Electronic Logging Devices (ELDs)

In December of 2015, ELD legislation was approved, and the ELD mandate is set to take effect on December 18, 2017. Over the next few years, electronic logging devices are going to be implemented in the commercial vehicle and public transportation (buses) industries, but there seems to be some confusion over what these devices are and how they will help or hurt the industry. We’re going to try to clear up a few things about ELDs for you.

What is an ELD (electronic logging device)?

An ELD is a device designed to connect to the engine of a heavy vehicle such as a commercial truck or bus in order to accurately log hours of service (HOS) and keep a more detailed record of duty status (RODS).

What are the ELD legislation requirements?

In order to be compliant with the ELD legislation, an electronic logging device must be able to connect to and sync with the truck’s engine to record a variety of things, such as if the truck is in motion, when it is moving, where it is located, how far it has gone, and how long it has traveled. It also must allow for status changes, such as On-Duty, Off-Duty, and On-Duty Not Driving, and must be able to automatically select a status based on the vehicle’s movement. It also should be able to display RODS in an easy-to-read, graphic format and provide data to law enforcement and inspectors in a standardized format. The electronic log can be transmitted in a variety of ways, including e-mail, USB, or Bluetooth. The electronic logging device must also be provider-certified. Eventually, the FMCSA website will have a list of compliant devices.

If a driver’s route is shorter than 150 miles (short haul) or they keep logs no more than eight days in a thirty day period, then they are probably exempt from the ELD mandate. Vehicles manufactured before the year 2000 also are not required to be equipped with an electronic log. Vehicles already equipped with an electronic logging device have until the end of 2019 to either ensure the ELD is compliant with the FMCSA mandate or equip the vehicle with a new device that is compliant.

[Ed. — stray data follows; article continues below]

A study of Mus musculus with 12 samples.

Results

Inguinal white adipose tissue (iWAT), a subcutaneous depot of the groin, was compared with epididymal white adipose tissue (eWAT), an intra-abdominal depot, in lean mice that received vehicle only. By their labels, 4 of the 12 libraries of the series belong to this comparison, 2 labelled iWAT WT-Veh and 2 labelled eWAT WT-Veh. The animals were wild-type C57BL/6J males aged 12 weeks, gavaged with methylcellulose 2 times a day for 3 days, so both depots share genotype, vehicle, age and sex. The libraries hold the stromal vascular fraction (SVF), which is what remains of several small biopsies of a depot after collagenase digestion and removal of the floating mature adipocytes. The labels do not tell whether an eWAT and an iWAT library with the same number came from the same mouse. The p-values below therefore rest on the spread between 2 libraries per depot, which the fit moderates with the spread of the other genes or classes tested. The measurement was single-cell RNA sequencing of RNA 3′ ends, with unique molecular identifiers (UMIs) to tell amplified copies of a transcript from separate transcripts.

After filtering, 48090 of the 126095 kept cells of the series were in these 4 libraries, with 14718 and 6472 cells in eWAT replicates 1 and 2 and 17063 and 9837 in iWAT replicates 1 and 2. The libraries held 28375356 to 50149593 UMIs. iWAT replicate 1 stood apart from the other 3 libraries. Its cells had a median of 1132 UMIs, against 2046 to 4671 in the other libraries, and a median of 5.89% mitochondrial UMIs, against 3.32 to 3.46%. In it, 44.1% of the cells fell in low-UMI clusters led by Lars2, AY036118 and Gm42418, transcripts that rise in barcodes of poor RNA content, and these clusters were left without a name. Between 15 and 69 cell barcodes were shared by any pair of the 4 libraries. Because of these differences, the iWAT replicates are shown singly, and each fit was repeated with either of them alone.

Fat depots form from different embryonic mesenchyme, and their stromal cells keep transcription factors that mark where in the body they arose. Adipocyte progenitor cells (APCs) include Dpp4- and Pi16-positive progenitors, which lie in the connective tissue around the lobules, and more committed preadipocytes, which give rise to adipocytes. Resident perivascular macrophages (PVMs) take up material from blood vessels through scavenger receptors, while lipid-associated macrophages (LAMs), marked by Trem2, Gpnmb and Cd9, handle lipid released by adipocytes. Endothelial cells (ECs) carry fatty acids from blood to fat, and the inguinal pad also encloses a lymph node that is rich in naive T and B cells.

How might ELDs help the trucking and transportation industry?

The ELD legislation is meant to restrict drivers from working longer than the required limits. This will hopefully improve commercial driver safety on the roads as well as improve the safety of others. In addition, the ELD legislation contains provisions to protect drivers from harassment so that motor carriers cannot pressure drivers into hours-of-service violations or fatigued driving situations. Theoretically, the ELD mandate has the potential to save more than 20 lives and prevent at least 400 injuries every year.

In addition to the safety benefits, electronic logging devices are expected to save the industry $1 billion annually. With ELDs, drivers and managers will spend less time filling out paperwork, and the government will spend less time going through it all. With a shorter and easier way to fill out and process HOS logs, the industry can put greater focus on the hauls.

What might be the downsides to the ELD legislation?

There are concerns that electronic logging devices could lead to privacy violations and a “big brother” government style in the Department of Transportation. It has been suggested that the ELD mandate makes them more like electronic monitoring systems for law enforcement purposes alone. Some critics fear that the ELD mandate could breach the Fourth Amendment’s privacy protections.

Furthermore, there are additional concerns over the impact the ELD legislation will have on independent owner-operators and smaller carriers. While the costs are projected to be offset by the savings in the overall industry, many fear that the costs of implementing the ELDs could put small motor carriers and owner-operators out of business, allowing larger carriers to dominate the industry further simply due to the fact that they can afford the electronic logging systems.

So, where do we go from here with ELD legislation in place?

Well, the FMCSA rule gives drivers and motor carriers at least until 2017 to incorporate ELDs into their trucks and fleets. In the meantime, the OOIDA (Owner-Operator Independent Drivers Association) is suing to have the ELD mandate overturned due to the aforementioned concerns. However, most proponents of the rule suggest installing ELDs in trucks sooner rather than later, if possible. If you do decide to get started right away, there are a variety of ELD options already available on the market. They have a diverse range of features and costs, so perhaps it’s worth taking a look to see if there’s something already out there that can help your business with the ELD mandate.